TED Conversations

Linda Hesthag  Ellwein

Communications, Change, and Photography, Oikonomia, Inc.

TEDCRED 50+

This conversation is closed.

How attached are you to your deeply held beliefs? If solutions to global problems challenge your worldview, how do you react?

Allan Savory's recent TED Talk introduced an unlikely and politically incorrect solution to reversing global desertification and climate change with the use of livestock as a tool, and different decision making.

Well-meaning laws, bureaucracies, and activists at the mercy of public opinion have stifled this work from moving forward on a large scale in the US. Belief systems and the fear of being wrong often prohibits change.

How do you respond to ideas that challenge your belief system? How do we stop our paradigms and prejudices from unfairly shaping decision making, and allowing us to take real risks for lasting change? What's your reaction to cows helping save the world? What idea have you believed and been completely wrong?

Share:

Showing single comment thread. View the full conversation.

  • Mar 14 2013: I'm lucky ... before seeing the TED talk I knew nothing about any of this. As a gardener I have always believed in caring for the soil (deep beds, no dig, masses of compost, companion plants, etc) but the greatest amount of livestock I ever managed is three hens.

    So I had no paradigms. At least, not around this subject.

    And I have read Kuhn, and dealt with conflicting paradigms in the past (try submitting a post-grad thesis based on co-operative inquiry, as opposed to reductionist research methods!)

    And I'm an enthusiastic follower of the so-called "paleo" movement (enthusiastic, not religious!) so I'm delighted at the prospect that raising organic grass-fed beef could be an answer to so many environmental ills as well as human health problems.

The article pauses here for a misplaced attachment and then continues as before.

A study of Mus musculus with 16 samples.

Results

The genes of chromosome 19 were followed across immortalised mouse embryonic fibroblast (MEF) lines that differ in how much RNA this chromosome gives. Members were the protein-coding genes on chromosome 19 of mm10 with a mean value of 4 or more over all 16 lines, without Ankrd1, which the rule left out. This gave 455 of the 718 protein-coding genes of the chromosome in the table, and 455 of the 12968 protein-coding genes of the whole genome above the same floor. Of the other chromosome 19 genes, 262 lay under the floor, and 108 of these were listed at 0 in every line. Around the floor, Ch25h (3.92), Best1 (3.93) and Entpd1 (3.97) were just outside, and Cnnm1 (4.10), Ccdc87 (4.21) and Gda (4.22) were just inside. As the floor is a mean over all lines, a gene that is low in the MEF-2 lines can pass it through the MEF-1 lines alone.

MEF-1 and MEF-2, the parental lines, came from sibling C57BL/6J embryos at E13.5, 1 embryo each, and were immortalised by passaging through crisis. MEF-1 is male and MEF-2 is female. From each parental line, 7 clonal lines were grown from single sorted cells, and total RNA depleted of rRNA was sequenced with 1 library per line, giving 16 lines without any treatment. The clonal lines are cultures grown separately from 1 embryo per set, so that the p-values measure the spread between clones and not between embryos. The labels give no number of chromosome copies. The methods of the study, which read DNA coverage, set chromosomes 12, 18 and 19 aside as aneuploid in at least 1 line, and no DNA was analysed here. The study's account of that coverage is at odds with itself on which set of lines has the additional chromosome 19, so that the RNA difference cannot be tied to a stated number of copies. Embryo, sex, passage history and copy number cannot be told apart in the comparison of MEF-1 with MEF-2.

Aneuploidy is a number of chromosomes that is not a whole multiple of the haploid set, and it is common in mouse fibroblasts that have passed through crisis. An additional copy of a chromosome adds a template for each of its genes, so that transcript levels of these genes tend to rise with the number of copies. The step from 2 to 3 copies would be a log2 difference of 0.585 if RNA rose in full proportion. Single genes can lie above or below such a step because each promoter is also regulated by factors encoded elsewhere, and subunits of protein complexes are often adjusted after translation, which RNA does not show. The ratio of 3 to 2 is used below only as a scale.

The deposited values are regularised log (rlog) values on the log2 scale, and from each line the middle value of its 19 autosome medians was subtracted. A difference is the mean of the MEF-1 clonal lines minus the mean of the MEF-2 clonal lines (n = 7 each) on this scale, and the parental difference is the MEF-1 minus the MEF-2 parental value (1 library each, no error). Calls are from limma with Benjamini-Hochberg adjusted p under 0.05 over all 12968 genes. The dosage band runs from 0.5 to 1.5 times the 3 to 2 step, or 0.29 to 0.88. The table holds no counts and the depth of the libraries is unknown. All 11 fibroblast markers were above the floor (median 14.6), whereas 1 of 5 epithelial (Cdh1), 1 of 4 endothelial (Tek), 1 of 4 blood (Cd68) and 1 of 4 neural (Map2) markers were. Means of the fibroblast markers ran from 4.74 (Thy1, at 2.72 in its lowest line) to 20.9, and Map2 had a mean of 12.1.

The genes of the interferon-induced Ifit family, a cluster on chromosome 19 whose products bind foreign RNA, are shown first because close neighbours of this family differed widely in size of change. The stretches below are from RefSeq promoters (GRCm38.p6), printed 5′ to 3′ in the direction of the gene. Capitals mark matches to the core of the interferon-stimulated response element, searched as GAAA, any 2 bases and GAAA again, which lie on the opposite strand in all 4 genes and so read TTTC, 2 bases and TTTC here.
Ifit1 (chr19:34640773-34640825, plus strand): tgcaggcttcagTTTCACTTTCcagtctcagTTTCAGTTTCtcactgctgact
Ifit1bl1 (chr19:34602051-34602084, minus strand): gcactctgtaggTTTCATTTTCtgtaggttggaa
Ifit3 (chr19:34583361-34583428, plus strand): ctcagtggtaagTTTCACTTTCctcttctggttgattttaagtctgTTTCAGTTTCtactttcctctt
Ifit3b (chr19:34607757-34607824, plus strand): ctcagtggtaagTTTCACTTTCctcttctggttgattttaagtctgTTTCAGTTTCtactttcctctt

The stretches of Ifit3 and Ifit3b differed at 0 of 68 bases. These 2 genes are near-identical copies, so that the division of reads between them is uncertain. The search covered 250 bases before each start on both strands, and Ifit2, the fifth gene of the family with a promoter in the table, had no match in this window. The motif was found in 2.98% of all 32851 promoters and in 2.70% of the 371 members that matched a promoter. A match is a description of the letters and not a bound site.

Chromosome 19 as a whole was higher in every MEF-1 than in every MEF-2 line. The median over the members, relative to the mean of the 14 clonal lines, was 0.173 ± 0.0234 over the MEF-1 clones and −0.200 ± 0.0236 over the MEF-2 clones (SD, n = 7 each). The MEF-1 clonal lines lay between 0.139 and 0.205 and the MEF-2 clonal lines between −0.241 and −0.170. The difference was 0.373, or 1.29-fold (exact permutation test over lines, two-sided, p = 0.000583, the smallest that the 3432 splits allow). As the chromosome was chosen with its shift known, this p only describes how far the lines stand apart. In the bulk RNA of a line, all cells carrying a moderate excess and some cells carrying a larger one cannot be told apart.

Now, how can we put our recent inheritance and life-time delivering management and personal training to good use to help others overcome their paradigm conflicts? Maybe running some co-operative inquiries into the life-changing effects of understanding and implementing holistic decision making into all walks of life.

    Anyone interested?

    In the meantime I'm reading the books.
    • Mar 14 2013: Hi James - Yes I'm interested !! Margriet here from 'Down Under' (Australia). We also have a miracle-working desert re-greener down here in the person of Peter Andrews & his method is called 'natural sequence farming'. Instead of using live-stock initially to rehabilitate degraded land, this method uses WEEDS. The key to rehabilitating degraded land is to revegitate & ANY way of accomplishing this must be done if we are going to save our planet. Literally. I think you agree. Weeds grow the quickest of any vegetation (& the most prolifically giving the greatest biomass in the shortest time) & if slashed at peak growth & left on the surface to cover the surface soil & then allowed to regrow several times, it only takes a few MONTHS this way to re-establish soil moisture & fertility at which point grasses & grains naturally re-invade the area after which this type of vegetation has become established the land can be stocked with whatever type of live stock the farmer desires. After the weed crops have worked their magic & restored fertility & moisture to the soild, in Peter's method this state of affairs is maintained by leaving all of the highest areas of land covered in trees & shrubs, as among other benefits when the area is re-stocked with animals they tend to do most of their resting & dunging up in the high areas under the shady trees AND when it rains the nutrients in the dung & urine get washed down back into the grassy areas.
      Some of the advantages of using weeds initially is that they do it all for free. They only have to be slashed a couple of times. And for the many vegetarians who are pricking up their ears about these fabulous ways of re-greening our planet & reversing global warming at the same time, natural sequence farming doesn't rely on beef production. So you don't have to go out & buy a herd of any kind of meat producing animals to be successful. Peter Andrews learned his method of desert reclamation raising horses. Check it out Cheers

Showing single comment thread. View the full conversation.